The term CAPTCHA, proposed by computer science researchers in 2000, stands for "Completely Automated Public Turing test to tell Computers and Humans Apart."
The Turing test, formulated by Alan Turing in 1950, attempts to evaluate whether a computer's conversational responses to questions can be distinguished from a person's answers.
A CAPTCHA represents a reverse Turing test because it asks a computer rather than a person to identify whether the respondent is human or machine. The roles are reversed.
Such tests are themselves being tested by recent advances in computer vision and machine learning. As Google recently demonstrated with AlphaGo, its Go-playing deep learning system, computer thinking rivals human thinking in a growing number of areas. And as the line between human and machine intelligence blurs, CAPTCHAs fail.
In a presentation at Black Hat Asia last month, Columbia University researchers Iasonas (Jason) Polakis and Suphannee Sivakorn described work they'd done with associate professor Angelos Keromytis to create an automated system to bypass CAPTCHAs used by Google and Facebook. The two companies, like others, rely on CAPTCHAs as a means of limiting fake account creation, spam posts, and other abuse of online services.
"Our system is extremely effective, automatically solving 70.78% of the image reCAPTCHA challenges, while requiring only 19 seconds per challenge," the researchers explain in a paper documenting their work. "We also apply our attack to the Facebook image CAPTCHA and achieve an accuracy of 83.5%."
Attacks on CAPTCHA systems have been an issue for years. When Google bought reCAPTCHA in 2009, the company hoped the technology would give it an edge in combating automated fraud. And for a time, it did.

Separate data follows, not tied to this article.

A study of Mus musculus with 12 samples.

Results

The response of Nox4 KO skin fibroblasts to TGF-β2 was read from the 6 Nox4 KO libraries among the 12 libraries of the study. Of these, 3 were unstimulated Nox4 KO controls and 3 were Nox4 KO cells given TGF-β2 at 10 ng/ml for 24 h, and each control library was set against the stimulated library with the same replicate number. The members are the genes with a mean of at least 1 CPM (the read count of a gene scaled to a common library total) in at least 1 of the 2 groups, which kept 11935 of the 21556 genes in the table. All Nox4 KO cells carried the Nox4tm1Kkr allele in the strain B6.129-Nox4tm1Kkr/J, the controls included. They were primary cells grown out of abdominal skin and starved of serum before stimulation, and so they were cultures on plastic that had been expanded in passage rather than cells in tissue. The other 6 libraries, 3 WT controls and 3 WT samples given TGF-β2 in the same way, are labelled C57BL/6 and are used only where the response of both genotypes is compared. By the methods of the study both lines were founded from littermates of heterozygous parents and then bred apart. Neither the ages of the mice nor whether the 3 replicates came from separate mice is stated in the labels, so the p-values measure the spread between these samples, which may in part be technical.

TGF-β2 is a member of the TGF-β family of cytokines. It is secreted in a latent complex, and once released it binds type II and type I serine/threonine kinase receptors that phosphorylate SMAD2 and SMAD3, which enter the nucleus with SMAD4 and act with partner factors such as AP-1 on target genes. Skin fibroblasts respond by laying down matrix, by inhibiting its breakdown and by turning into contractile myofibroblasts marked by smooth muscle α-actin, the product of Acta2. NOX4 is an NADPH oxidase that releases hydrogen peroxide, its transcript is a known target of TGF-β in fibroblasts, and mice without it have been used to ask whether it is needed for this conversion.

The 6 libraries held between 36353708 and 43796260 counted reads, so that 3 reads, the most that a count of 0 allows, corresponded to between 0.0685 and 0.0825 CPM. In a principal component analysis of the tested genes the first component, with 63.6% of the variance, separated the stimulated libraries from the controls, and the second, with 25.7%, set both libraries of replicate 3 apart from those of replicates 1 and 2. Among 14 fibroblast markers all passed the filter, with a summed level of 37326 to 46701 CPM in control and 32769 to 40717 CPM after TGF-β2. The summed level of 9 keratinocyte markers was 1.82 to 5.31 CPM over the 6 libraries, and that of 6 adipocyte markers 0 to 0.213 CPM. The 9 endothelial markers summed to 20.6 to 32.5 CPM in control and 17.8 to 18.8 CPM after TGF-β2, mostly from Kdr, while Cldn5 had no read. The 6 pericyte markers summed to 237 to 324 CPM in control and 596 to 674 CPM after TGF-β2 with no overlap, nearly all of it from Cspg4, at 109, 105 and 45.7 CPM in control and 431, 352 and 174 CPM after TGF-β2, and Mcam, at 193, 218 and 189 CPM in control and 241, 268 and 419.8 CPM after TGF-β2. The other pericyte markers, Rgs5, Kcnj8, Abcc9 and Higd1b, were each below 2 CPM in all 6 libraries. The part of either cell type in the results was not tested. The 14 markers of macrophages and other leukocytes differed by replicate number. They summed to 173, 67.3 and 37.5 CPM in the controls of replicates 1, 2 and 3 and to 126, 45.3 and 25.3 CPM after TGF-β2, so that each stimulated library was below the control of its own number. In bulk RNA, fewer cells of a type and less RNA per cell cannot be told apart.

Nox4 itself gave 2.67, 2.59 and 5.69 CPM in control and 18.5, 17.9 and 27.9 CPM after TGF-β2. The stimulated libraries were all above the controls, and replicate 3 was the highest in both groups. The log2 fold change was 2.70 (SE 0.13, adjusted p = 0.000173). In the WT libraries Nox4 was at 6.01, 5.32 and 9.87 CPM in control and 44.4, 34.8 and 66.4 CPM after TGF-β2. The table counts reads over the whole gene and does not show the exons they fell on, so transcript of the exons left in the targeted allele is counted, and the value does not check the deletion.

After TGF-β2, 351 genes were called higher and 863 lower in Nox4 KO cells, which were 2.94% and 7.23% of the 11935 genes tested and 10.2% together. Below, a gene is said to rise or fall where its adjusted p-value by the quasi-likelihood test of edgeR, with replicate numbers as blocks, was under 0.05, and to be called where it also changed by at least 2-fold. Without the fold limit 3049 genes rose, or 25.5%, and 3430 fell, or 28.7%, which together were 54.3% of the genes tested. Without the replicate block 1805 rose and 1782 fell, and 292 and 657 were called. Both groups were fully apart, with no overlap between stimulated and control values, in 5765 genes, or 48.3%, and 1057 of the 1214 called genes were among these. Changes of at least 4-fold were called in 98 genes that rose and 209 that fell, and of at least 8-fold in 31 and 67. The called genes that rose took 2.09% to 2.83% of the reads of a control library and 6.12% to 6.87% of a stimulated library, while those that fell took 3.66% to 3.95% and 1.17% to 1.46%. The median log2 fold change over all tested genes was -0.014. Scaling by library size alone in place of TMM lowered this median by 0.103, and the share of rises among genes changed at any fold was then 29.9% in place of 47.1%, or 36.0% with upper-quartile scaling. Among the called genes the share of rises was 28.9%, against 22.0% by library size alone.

But machines keep getting smarter. Advances in optical character recognition have made text-based CAPTCHAs all but unusable. CAPTCHA letters now have to be so distorted to fool the machines that people can't read them either. Google's latest iteration of reCAPTCHA alludes to the illegibility of recent CAPTCHA challenges in its marketing tagline: "Tough on bots, Easy on humans."
The researchers disclosed their work to Google, which has already implemented some counter-measures, and to Facebook.
In an email, Polakis describes CAPTCHA research as an example of a security arms race in which defenses get compromised and then hardened, only to be overcome again.
But in the past few years, Polakis said, advances in generic solvers against text CAPTCHAs have made distorted text challenges obsolete. Researchers have turned to more advanced tasks like extracting semantic information from images, as Google has done with its most recent reCAPTCHA system.
Google also looks at browser settings and user-agent data to determine the kind of CAPTCHA challenge it should present. These observable characteristics may help companies keep one step ahead of the bots, for a while at least.
Polakis says that the novel attacks his colleagues and he have developed underscore the difficulty facing those trying to design functional CAPTCHAs.
"We believe that the capabilities of computer vision and machine learning have finally reached the point where expectations of automatically distinguishing between humans and bots with existing CAPTCHA schemes, without excluding a considerable number of legitimate users in the process, seem unrealistic," Polakis wrote. "As these capabilities can only improve, it will become even more difficult to devise CAPTCHAs that can withstand automated attacks."
Polakis is careful not to declare "game over," noting that CAPTCHAs remain an open problem and that alternative directions in research may allow CAPTCHAs to survive.
Google has revised its approach to CAPTCHAs numerous times over the past seven years. But there may come a point when machines become so perceptive and analytically capable that we will be able to create bots that pass any automated test we create.
(Editor's Note: Black Hat Asia is produced by UBM, InformationWeek's parent company.)